Tommy at the War Memorial
by Jack Hunter
The Oswegonian — September 26, 1991
Last Wednesday’s concert at the War Memorial in Syracuse was my fourth time seeing Tom Petty and the Heartbreakers. Recalling the most recent show I saw, which was on the Full Moon Fever tour, I wasn’t anticipating much. On that tour they played what were once unique arrangements of their songs but had long since lost any spontaneity and I saw the band simply going through the motions.
One of the unique aspects of a great rock ‘n’ roll band is that the whole is greater than the individual parks and if the chemistry is right, any given night can be a mystical experience. This in mine, I started the 45 minute drive south.
Naturally, the radio had a special which featured interviews and songs — the type of thing to put you over the edge if you’re still thinking about picking up a ticket. On the broadcast the band was saying that they were really going to be pushing the songs from their new release Into The Great Wide Open. This, of course, is something we’ve heard too many times and gives us premonitions of a boring show. Fortunately, though, exactly the opposite was true.
The band took the stage and ripped through two new songs, neither of which have been released as singles. No matter, though, as raw energy and inspired playing took the place of familiarity. Tom had to wait with the band several moments for the crowd to quiet down before introducing the next song. This lapse also gave time to take in the stage set.
Omnipresent was an enormous tree with a staircase leading up to a door at the top and limbs that resembled human appendages. Clustered around the tree was a totem pole, refrigerator and old lamps. Chandeliers hung not only over the band but over the audience as well. “This next one is one of the best three-chord songs I ever wrote.” “Free Fallin'” was a mass sing-along, particularly “down Ventura Boulevard.”
Tom introduced the band and said that drummer Stan Lynch was going to sing the next song. From out of the tree a rat the size of a man descended the staircase dressed in a white tuxedo. Tom was presented, on a silver platter, with a harmonica and guitarist Mike Campbell ripped into the vaguely familiar intro of the 60’s classic “Psychotic Reaction.” This cover saw the band at their peak for the night. The frantic harp and guitar breaks eventually led into an increasingly faster and faster tempo that became impossible to keep time to through mere hand clapping and had the crowd dancing wildly.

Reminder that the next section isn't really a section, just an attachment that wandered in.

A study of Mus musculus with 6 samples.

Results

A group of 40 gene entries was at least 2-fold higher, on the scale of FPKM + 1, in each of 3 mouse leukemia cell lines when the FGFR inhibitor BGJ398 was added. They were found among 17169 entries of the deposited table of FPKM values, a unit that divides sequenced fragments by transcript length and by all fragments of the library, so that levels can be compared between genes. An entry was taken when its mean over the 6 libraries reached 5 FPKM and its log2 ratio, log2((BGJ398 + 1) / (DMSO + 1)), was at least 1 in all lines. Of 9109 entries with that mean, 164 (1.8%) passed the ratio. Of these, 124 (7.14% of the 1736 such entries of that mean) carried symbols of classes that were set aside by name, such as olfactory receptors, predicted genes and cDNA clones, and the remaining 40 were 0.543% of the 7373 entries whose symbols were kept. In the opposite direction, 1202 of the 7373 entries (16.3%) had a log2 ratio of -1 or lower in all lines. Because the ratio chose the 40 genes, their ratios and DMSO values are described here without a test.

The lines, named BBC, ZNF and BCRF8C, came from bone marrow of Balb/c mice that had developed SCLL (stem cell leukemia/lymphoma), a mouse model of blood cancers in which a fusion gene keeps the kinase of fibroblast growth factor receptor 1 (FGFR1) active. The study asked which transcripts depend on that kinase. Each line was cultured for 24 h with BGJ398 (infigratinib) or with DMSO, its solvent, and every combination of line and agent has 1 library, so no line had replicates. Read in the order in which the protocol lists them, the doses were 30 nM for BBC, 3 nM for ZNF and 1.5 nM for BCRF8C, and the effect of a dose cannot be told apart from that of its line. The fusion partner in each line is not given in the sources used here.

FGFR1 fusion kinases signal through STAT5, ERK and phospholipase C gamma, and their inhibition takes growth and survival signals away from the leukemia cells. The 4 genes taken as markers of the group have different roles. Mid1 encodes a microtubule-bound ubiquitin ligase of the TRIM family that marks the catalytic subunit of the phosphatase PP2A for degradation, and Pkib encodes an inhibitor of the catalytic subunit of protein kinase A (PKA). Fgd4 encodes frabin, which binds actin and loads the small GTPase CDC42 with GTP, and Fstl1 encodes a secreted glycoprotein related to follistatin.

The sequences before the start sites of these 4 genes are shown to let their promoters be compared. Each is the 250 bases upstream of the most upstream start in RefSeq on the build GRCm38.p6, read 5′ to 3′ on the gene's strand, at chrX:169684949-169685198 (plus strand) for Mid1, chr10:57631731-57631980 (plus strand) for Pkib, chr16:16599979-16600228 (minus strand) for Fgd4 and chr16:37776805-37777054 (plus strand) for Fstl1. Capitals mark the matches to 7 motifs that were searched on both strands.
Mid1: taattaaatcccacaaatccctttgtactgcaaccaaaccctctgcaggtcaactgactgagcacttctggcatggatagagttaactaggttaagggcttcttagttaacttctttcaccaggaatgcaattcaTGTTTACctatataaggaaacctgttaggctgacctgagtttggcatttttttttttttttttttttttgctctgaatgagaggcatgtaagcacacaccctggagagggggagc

Another highlight from the evening included a short acoustic segment that had Tom on a 12 string and Mike Campbell playing mandolin. They played “Listen to Her Heart,” “American Girl,” and one verse from “Breakdown.” This was a welcome change for those songs which we’ve heard all too many times on the radio. For those of you who began craving something a little more up tempo though, we didn’t have long to wait.
The entire band exited the stage — except for Mike Campbell who staggered slowly forward, looking like rock ‘n’ roll incarnate with frizzy black hair and perfectly scuffed riding boots, slung around his neck was yet another unbearably cool guitar. He started playing a repetitive riff and thanks to digital delay, was able to set the guitar on a stand while the music continued. He repeated the process with another guitar before finally picking up a third and laying into “Don’t Come Around Here No More.” The psychedelic bridge that closes the song featured Tom under strobe lights, being chased around the stage by caricatures of Presidents Nixon and Reagan and Bush. He was able to repel them with an enormous peace symbol. The crowd loved it.
Other standouts from the night were the two new songs “Learning to Fly” and “Out in the Cold.” From Full Moon Fever they played “Yer So Bad” (which is great in concert), “Running Down a Dream,” “Love Is a Long Road,” and “I Won’t Back Down.” The show closed with a raucous version of “Refugee” and the band returned to the stage to play “The Waiting” and another cover “I’m Makin’ Some Noise” which was a typical call and response between Tom and the audience but also a delightful way to end a solid show.
Newcomer Chris Whitley opened the show and proved just how bad production is in the ’90s. His live sound was initially better than his glossy debut album, “Living With the Law.” He is a competent and unique slide guitarist with a great voice. Most of his tunes were steeped in the blues but, fortunately, he and his band concentrated more on their thick rhythms than on flashy soloing. Hopefully, we’ll hear more from Chris Whitely in the future.